The regulation has come under fire from critics in rich nations, who say it amounts to "social dumping".
The regulation has come under fire from critics in rich nations, who say it amounts to "social dumping" in which payments to costly health and welfare systems are avoided.
Faced with faltering ratings at home, Macron seeks to drum up support for his plan to overhaul the rule during a diplomatic blitz through eastern and central Europe.
"The European directive on detached workers in its current format is a betrayal of the European spirit," Macron said in the Austrian city of Salzburg at the start of his tour.
He heads to Romania on Thursday and Bulgaria on Friday.
"The single market and the free movement of people weren't created to help countries promoting the lowest social rights. This is what stokes populism in our countries," he told reporters at a joint press conference with Austrian Chancellor Christian Kern.
"Austria and France are on the same wavelength," Macron added.
Both countries are among the EU's key recipients of so-called "posted workers" from central and eastern European nations.
The directive was launched in 1996 to help stimulate cross-border business activity.
But at the time the EU's membership comprised countries of broadly similar living standards.
Critics argue that the bloc's expansion in 2004 opened the system to abuse.
Firms in the former Communist countries of eastern and central Europe pay salaries that are far lower than in western Europe.
They thus start with a huge competitive advantage when bidding for work abroad in wealthy countries -- and do not contribute to the cost of maintaining the local social safety net.
Although the posted workers issue affects less than one percent of the EU's workforce, experts say the trend is on the rise.
Austria has seen the number of posted workers rise from around 106,000 in 2014 to 166,490 in 2016 in a workforce of four million, according to the Vienna-based research institute L&R Sozialforschung.
France meanwhile employed some 286,000 temporary workers in 2015 under the directive.
Backed by Vienna and Berlin, Paris now wants the job duration to be limited to 12 months, half the period proposed by the European Commission.
However, the so-called Visegrad Four group -- Hungary, Poland, Slovakia and the Czech Republic -- say the proposal goes too far and tries to undercut their interests.
Along with Kern, Macron discussed the sensitive issue with the leaders of Slovakia and the Czech Republic in Salzburg on Wednesday afternoon, hoping to win their backing.
Notably absent from the French president's tour are meetings with the hard-right and conservative leaders of Hungary and Poland, with whom Macron has repeatedly clashed.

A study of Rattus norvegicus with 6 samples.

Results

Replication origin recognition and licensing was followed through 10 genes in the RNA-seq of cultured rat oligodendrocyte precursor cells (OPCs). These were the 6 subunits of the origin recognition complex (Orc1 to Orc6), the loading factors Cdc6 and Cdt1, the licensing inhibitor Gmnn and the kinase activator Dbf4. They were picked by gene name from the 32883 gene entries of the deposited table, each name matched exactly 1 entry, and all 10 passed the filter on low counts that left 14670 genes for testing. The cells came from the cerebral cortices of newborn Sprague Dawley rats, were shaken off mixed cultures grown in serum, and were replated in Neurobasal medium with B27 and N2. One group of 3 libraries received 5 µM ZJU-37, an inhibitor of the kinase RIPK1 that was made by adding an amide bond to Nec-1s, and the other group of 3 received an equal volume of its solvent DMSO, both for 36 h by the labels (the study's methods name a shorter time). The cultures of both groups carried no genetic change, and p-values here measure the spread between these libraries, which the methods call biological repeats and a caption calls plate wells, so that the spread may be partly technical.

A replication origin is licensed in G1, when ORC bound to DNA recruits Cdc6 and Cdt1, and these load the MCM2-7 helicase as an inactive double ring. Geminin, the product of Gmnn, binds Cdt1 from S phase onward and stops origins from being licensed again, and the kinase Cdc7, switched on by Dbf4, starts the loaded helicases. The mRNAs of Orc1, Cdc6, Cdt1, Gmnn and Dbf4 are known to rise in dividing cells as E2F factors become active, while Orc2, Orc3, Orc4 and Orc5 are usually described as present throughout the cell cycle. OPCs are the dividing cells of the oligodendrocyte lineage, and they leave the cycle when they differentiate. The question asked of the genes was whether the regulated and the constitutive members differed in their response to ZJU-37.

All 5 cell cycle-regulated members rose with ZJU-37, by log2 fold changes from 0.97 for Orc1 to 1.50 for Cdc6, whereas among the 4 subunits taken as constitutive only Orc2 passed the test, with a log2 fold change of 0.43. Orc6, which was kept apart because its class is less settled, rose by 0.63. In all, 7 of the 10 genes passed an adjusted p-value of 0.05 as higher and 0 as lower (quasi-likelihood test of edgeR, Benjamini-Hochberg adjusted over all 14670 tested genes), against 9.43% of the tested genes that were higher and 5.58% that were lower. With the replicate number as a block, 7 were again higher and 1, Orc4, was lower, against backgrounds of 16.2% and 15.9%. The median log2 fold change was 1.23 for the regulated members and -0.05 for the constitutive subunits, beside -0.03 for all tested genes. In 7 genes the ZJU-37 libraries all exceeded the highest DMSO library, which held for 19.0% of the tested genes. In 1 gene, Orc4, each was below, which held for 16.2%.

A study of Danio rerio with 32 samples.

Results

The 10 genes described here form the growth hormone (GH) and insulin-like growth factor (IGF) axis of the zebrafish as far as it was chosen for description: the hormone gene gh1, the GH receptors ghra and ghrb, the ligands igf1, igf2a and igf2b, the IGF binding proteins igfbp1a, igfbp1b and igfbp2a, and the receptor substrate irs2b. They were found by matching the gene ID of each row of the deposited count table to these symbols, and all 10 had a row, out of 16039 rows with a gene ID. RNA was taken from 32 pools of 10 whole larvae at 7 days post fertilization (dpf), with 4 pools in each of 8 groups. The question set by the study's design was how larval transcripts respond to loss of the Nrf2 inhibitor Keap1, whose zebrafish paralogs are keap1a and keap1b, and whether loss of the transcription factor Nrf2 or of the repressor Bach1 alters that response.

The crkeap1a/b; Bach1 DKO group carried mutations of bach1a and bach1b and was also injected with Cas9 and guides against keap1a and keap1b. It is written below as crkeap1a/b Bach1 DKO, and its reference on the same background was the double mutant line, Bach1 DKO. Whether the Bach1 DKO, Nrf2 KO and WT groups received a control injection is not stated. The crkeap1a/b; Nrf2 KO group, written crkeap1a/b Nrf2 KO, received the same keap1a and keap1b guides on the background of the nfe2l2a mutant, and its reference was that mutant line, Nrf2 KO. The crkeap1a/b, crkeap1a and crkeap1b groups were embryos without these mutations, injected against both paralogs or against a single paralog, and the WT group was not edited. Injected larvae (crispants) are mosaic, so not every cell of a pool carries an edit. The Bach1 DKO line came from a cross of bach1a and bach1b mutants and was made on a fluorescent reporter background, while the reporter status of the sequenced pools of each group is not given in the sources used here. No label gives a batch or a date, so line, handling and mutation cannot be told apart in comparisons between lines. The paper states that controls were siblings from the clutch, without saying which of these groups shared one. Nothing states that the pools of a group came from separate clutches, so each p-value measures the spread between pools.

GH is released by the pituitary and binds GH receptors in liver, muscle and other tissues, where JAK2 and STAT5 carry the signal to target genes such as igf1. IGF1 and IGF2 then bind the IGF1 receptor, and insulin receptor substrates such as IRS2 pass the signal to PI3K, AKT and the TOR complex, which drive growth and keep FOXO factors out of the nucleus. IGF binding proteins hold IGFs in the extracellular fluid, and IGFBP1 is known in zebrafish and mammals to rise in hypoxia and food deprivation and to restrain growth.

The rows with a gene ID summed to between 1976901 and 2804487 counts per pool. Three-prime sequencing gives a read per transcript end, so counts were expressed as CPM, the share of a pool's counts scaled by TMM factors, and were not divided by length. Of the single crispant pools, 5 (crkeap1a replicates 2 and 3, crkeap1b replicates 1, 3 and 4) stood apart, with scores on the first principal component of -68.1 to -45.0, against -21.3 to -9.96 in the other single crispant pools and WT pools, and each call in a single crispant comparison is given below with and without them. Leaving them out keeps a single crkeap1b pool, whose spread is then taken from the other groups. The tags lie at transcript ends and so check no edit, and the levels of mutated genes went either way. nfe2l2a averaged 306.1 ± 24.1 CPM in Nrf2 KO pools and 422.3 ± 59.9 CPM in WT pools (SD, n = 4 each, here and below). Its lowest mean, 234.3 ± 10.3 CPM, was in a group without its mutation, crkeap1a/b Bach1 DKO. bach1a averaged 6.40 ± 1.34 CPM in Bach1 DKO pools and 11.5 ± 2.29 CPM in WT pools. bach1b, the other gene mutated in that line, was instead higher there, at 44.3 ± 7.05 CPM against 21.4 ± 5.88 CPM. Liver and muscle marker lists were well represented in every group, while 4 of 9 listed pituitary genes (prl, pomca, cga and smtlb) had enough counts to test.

Poland is the country that benefits most from the Posted Workers Directive.
An estimated 500,000 of its nationals are employed by Polish companies in other EU members.
Top officials in Brussels on Wednesday welcomed Macron's reform push.
The European Commission and its president, Jean-Claude Juncker, "have made the fight against social dumping one of their key priorities", said Alexander Winterstein, a spokesman for the EU's executive body.
Macron hopes to seal a reform deal at a summit on the EU directive in Brussels on October 19-20.
Ahead of the crucial meeting, he will host leaders from Germany, Spain, Italy and the Netherlands later this month.
Franco-German unity is seen as a pre-requisite for an overhaul of the rule.
Paris and Berlin are "completely" in agreement, according to French diplomats.
Pierre Vimont, a senior fellow at the Carnegie Europe think tank, called changing the directive "a symbolic case" for Macron whose popularity ratings have plummeted since he took office in May.
"Macron needs to deliver for French public opinion," Vimont said.
The move is a crucial part of Macron's broader push to create a new "protective Europe" that helps shield citizens from the effects of cut-throat international competition.
The 39-year-old centrist is pushing for a new mechanism to screen non-EU investments, particularly from China, into strategic areas of the European economy, as well as tougher measures to block the dumping of cheap imports on the continent.
He also wants much deeper integration of the eurozone, including giving the 19-country currency bloc its own budget, finance minister, parliament and borrowing capacity.